The idea of competitively crowdsourcing creative work has found its legs where it comes to fields like graphic design and programming. But could it work with architecture and interior design? It’s been a winding road, but Jad Joulji and Justin Picone, a pair of architecture graduates of Ryerson University now working with the school’s Digital Media Zone incubator, have launched HouseIt.com, a site promising competitive interior design work.
Taking its cue from competitive sites like 99designs, where clients post briefs and designers compete for contracts by submitting spec work, the pair originally set out to create a site where prospective home-builders and renovators could interactively create a brief, and architects could submit proposals.
But when they first flipped the switch on their creation this turned out to be a tall order. For one thing, there was more interest in renovations and additions, but anyone offering to design such a thing would first need detailed plans for the existing building.
“All the houses we were asked to do were old houses, and nobody has any documentation of those houses,” says Joulji. “We had to go out and measure the houses.”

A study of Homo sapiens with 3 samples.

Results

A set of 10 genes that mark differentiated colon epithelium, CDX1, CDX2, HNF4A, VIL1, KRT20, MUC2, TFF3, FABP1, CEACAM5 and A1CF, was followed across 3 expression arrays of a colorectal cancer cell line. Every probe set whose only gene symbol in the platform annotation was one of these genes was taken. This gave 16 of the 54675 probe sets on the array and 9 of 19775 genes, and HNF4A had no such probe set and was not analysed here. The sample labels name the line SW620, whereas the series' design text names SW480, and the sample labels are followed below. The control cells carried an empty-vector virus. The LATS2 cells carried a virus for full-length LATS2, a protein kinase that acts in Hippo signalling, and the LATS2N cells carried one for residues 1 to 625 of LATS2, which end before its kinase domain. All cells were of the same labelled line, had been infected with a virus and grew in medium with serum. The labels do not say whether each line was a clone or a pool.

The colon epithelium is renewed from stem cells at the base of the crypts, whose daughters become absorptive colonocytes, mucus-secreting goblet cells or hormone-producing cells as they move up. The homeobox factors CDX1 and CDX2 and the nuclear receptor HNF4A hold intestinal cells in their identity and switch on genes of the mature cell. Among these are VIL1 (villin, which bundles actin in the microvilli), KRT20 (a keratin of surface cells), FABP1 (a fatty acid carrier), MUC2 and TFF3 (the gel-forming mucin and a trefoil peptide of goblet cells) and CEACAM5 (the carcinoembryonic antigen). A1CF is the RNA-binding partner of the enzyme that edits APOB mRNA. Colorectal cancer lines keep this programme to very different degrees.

What’s more, their original service could only deal in the conceptual design of these renovations, and not the nuts and bolts of detail designs, and engineering, to say nothing of permits and zoning applications.
So after an initial trial period, the pair backed away from the architectural market, and are relaunching with a newer, more manageable target: Interior design and furniture selection for freshly-built condo units.
The same competitive model applies: A client uses a simple interface to create a project brief, and designers submit concept packages – a design concept and renderings of the space. The winning designer gets commissioned to do a full design, including accurate floorplans, and specifications for the materials and furniture they select, that can be used as a shopping list.
This model brought its own challenges – specifically, finding condo-buyers before they move in, by which point they’ve likely already invested in furniture and a design. (“You don’t actually know who’s living in the condo until the condo’s handed over to the client,” notes Joulji.)
So Joulji and Picone moved away from selling their service directly to consumers, and are now in talks with condo developers themselves, in the hopes of offering the service as a value-add to buyers in the sales phase, at the same time as they’re considering things like finishes. Joulji says negotiations are ongoing, but the platform is ready to go if and when developers sign on.
“We have this mission to have young and upcoming designers come into the markets,” says Joulji. “We’re trying to support the culture of freelance and work for yourself.”